Why do many United Methodists use grape juice instead of wine?
Many United Methodist churches were deeply involved in the Temperance Movement. Grape juice was originally invented by Thomas Welch, a Methodist, so Methodists and others would not need to use wine for communion. Today, United Methodists continue to use grape juice in communion out of concern for people who may have problems with alcohol.
Does the bread at Holy Communion need to be unleavened?
Either leavened (in witness to the resurrection) or unleavened (in witness to the cleansing power of the Holy Spirit) may be used.
If I cannot eat wheat, may I still receive communion?
Yes. We always provide gluten free alternatives. Let your server know if you prefer this.
When should the bread be broken?
The bread is broken after the conclusion of the Great Thanksgiving, typically right after the Lord's Prayer. We do not break the bread to remember the words or re-enact the actions of Jesus. We break the bread because after we have completed our prayer of Thanksgiving and the Spirit has been poured out upon it and upon us, now we are ready to start giving it to others. What the pastor does in the "breaking" is to start the whole process of breaking that enables all present to receive.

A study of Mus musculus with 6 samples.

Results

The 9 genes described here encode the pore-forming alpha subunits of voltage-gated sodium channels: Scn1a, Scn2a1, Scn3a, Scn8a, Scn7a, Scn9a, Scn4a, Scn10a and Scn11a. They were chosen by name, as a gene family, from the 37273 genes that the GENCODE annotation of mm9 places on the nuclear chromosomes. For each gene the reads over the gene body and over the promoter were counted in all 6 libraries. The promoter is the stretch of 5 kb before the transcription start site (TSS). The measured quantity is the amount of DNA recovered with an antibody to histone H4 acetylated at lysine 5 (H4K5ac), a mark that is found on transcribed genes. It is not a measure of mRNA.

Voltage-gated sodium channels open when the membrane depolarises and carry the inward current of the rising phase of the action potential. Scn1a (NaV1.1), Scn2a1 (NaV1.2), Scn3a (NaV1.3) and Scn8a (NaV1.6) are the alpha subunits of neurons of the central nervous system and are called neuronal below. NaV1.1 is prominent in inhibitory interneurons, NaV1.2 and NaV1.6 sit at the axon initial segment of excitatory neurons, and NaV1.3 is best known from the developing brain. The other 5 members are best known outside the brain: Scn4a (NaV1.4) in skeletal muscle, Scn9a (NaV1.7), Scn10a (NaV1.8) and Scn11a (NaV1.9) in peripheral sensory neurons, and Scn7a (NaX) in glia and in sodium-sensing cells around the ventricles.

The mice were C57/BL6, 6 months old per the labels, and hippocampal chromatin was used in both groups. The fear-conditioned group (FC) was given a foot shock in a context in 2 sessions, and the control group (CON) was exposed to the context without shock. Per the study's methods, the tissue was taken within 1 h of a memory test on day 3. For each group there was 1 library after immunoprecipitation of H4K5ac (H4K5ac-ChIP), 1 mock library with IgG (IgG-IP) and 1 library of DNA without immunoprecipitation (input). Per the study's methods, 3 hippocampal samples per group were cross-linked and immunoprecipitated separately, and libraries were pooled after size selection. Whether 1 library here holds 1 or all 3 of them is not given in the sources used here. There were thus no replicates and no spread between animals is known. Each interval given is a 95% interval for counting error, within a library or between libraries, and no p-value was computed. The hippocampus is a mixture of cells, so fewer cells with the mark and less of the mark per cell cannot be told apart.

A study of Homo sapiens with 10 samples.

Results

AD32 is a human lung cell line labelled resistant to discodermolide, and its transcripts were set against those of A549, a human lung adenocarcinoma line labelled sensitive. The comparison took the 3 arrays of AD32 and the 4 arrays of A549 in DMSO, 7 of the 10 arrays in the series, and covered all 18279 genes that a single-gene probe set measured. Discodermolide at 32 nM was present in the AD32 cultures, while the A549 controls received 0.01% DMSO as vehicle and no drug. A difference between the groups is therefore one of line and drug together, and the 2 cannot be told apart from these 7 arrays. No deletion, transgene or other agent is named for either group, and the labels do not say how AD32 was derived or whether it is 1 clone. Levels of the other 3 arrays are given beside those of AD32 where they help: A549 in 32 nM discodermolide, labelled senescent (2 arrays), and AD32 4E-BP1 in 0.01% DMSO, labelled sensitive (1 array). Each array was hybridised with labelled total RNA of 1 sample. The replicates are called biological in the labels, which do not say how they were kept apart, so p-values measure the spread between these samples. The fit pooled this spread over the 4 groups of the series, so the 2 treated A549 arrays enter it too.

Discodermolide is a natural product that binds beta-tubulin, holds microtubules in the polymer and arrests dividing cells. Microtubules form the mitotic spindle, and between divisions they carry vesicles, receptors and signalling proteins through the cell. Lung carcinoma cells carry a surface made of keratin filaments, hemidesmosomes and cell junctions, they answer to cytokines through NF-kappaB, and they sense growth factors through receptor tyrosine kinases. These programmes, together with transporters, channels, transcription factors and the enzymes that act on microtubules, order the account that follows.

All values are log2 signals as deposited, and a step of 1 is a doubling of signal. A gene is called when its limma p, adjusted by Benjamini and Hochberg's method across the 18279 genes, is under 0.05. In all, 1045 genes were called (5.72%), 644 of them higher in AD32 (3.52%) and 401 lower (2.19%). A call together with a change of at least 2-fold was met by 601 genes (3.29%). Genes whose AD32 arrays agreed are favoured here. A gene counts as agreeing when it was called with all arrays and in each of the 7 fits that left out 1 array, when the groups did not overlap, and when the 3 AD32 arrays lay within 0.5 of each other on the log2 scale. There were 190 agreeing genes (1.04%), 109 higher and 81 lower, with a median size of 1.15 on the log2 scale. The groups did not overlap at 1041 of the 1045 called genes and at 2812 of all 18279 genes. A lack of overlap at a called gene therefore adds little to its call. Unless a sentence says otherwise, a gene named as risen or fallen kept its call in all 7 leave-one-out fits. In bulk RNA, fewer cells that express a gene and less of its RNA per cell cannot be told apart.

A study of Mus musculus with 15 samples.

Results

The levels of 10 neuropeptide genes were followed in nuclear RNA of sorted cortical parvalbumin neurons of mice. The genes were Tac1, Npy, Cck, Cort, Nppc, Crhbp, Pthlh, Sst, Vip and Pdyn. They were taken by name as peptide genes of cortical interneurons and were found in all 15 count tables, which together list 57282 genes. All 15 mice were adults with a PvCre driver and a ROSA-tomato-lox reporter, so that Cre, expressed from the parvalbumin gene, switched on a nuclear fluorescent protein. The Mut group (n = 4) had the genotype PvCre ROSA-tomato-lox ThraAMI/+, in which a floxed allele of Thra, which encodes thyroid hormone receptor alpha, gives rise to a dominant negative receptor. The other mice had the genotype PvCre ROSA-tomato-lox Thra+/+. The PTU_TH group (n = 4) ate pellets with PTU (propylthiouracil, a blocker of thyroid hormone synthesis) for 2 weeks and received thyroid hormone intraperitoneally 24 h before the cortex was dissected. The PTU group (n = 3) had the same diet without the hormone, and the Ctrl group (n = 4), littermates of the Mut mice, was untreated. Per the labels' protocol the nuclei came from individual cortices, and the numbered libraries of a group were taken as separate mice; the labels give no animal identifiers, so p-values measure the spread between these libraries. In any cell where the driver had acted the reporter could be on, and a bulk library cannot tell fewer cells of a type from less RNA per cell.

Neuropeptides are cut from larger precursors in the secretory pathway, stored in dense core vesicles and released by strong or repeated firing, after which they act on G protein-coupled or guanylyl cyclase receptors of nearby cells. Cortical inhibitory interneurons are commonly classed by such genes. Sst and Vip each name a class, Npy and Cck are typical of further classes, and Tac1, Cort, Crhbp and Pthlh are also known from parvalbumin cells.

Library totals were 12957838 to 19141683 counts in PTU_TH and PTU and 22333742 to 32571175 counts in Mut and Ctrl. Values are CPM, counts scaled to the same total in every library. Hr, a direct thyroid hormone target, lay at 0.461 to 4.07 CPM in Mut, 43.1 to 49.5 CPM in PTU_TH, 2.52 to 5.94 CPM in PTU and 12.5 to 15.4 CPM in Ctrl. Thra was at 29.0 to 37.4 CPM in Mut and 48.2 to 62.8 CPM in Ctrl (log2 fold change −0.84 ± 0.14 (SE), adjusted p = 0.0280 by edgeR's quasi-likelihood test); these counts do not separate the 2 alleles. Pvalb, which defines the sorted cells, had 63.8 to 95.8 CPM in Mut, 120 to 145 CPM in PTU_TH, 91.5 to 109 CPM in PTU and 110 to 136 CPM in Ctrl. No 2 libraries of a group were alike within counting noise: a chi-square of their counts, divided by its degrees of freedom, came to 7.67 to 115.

Do I have to kneel to receive?
Often we kneel at the rail near the Lord's Table, and some come and stand rather than kneel. If you are unable to come forward, someone will bring you the blessed elements where you sit.
How may I receive?
The key word is that you receive rather than take the elements. They are given to you by servers. When you receive the bread, you may want to hold your hands out, with your left hand cupping and supporting your right hand. The server will say something to you about the bread as it is given to you. Before you eat it or hold it to proceed to the cup, you may say "Amen" or "Thanks be to God." When the cup is offered to you, the server will say some words to you about the cup. You may respond "Amen" or "Thanks be to God" and then either dip the bread into the cup (but not your fingers!).
Who May Preside?
In The United Methodist Church, a clergyperson presides at the Lord's table. Usually, this is the appointed pastor of that local church. Laypersons are not authorized to preside, but we encourage people to assist in serving. It is a holy moment and often awe-filled to serve others in this way.